The lawn surrounding the Rochester Museum and Science Center building looked more like a small festival than a museum. Eclipse watchers had blankets, chairs, snacks, and plenty of protective eyewear, waiting for the big moment to arrive.
The museum was completely out of glasses early in the day, but the generosity of others let Amanda Kenny and her children watch the eclipse safely.
"They gave it to us because we were in line just before they ran out, so somebody shared it with us and said they were going to share amongst their family, so we’re really grateful."
With eclipse glasses hard to come by, spectators had to get creative.
Some went the DIY route cutting up old cereal boxes, and others went less traditional. Timothy Powers was wearing a full welding mask in the hot summer sun.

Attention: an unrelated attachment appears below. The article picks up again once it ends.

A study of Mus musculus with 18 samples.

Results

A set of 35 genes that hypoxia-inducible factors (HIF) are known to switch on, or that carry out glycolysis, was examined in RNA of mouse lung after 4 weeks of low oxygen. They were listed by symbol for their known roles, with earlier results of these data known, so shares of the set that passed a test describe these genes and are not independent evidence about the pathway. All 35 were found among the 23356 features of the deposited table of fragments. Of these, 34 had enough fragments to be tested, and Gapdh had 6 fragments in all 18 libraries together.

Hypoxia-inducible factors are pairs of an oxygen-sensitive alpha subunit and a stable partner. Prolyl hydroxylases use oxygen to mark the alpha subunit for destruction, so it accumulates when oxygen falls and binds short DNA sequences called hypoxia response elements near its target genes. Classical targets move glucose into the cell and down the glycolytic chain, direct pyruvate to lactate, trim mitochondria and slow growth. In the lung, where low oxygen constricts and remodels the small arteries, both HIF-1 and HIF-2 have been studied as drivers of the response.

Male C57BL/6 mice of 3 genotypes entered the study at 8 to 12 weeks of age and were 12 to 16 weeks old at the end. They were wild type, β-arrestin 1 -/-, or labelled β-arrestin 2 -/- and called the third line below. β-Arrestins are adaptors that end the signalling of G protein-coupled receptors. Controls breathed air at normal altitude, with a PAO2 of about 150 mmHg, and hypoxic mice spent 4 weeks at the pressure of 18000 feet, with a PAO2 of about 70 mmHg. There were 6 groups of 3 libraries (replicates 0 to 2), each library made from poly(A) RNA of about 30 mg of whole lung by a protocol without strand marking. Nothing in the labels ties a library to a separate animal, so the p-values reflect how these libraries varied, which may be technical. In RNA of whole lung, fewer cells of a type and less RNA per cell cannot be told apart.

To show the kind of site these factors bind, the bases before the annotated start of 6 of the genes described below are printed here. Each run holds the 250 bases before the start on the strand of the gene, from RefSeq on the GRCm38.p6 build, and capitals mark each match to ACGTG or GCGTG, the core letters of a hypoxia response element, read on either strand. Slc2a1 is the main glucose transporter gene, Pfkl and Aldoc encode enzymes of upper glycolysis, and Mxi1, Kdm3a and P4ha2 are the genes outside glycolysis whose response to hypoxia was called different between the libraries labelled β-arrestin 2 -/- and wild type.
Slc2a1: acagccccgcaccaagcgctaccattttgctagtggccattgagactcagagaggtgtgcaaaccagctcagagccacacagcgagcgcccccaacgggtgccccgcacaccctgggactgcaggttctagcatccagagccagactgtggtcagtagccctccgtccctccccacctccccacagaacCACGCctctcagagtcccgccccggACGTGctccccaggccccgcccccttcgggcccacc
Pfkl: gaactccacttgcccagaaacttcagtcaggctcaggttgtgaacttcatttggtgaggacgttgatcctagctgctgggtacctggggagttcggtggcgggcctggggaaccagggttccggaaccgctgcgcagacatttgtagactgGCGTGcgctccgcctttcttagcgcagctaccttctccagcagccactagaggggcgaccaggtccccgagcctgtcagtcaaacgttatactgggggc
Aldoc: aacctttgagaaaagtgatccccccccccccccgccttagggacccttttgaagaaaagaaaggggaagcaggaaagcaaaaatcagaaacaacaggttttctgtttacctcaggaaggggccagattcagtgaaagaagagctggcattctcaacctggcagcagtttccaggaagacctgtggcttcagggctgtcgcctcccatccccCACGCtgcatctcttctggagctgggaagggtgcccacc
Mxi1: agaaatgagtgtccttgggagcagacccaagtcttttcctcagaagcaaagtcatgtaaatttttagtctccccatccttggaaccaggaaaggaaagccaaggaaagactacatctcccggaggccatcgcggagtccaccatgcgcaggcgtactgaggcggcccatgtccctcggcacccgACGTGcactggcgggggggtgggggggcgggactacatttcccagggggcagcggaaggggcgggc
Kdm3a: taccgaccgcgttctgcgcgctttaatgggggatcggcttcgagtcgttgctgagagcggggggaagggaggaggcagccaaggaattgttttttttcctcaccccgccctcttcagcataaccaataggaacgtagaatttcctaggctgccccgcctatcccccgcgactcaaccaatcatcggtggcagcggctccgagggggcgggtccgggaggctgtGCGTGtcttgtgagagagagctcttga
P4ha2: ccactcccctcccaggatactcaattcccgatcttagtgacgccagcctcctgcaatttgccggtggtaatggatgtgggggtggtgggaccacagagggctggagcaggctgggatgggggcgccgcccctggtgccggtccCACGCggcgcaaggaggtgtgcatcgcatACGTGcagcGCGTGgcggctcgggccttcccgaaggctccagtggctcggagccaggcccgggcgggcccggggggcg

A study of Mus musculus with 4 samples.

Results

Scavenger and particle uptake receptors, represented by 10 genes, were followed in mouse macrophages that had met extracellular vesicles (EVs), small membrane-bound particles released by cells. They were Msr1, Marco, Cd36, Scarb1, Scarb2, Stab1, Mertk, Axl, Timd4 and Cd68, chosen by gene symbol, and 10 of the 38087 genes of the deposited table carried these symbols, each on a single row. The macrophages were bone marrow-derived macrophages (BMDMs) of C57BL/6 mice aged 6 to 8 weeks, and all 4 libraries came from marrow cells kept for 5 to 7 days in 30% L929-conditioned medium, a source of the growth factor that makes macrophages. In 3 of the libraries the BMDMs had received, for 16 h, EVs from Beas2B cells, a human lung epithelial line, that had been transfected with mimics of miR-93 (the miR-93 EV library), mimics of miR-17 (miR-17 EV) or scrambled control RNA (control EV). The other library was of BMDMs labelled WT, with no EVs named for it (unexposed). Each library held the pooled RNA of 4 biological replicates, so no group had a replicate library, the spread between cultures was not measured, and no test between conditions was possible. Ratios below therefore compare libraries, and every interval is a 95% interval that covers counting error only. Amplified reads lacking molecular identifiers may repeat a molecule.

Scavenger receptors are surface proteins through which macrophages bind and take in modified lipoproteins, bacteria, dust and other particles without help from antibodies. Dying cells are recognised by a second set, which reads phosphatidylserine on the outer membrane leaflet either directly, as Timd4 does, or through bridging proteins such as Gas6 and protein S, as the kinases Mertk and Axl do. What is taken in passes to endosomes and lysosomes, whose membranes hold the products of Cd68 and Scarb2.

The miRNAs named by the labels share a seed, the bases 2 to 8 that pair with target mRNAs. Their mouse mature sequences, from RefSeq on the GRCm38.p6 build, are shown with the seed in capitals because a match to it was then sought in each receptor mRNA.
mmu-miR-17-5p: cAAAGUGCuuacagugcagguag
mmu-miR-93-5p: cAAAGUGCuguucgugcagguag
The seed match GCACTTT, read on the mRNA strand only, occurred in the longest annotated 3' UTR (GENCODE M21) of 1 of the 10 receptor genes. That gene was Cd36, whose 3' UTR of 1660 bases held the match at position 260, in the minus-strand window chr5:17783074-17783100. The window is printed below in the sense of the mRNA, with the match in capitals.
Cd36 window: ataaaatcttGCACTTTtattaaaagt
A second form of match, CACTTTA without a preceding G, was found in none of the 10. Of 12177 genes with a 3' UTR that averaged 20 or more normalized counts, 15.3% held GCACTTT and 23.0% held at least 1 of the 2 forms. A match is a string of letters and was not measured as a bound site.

“If it has a certain shade setting it’s safe to look at the sun, which is convenient because we were too late to get the glasses.”
Even though the eclipse didn’t peak until 2:30pm Monday afternoon in Rochester, some chasers like Janet Steehler claimed their spots early, she had hers by 11am.
"You know I didn’t want to watch at home on TV, I didn’t want to watch it [in the museum], I wanted to be here with all the people. It’s exciting!"
For many it was their first time experiencing an eclipse. Seven-year-old Megan Kinney was wearing a NASA shirt and holding a cereal box viewer, she said she’s really into science.
"I just fell in love with it at school because we did astronomy; I even have a space lunch box."
While we didn’t see total darkness in Rochester this time around, Juliana Sperry reminds us that there’s always the next eclipse.
"I thought it would be pitch black, but seven years when we’re in high school it will be pitch black because we’ll get 100%.”
The next eclipse, when the path of totality will cross over Rochester, will be in 2024.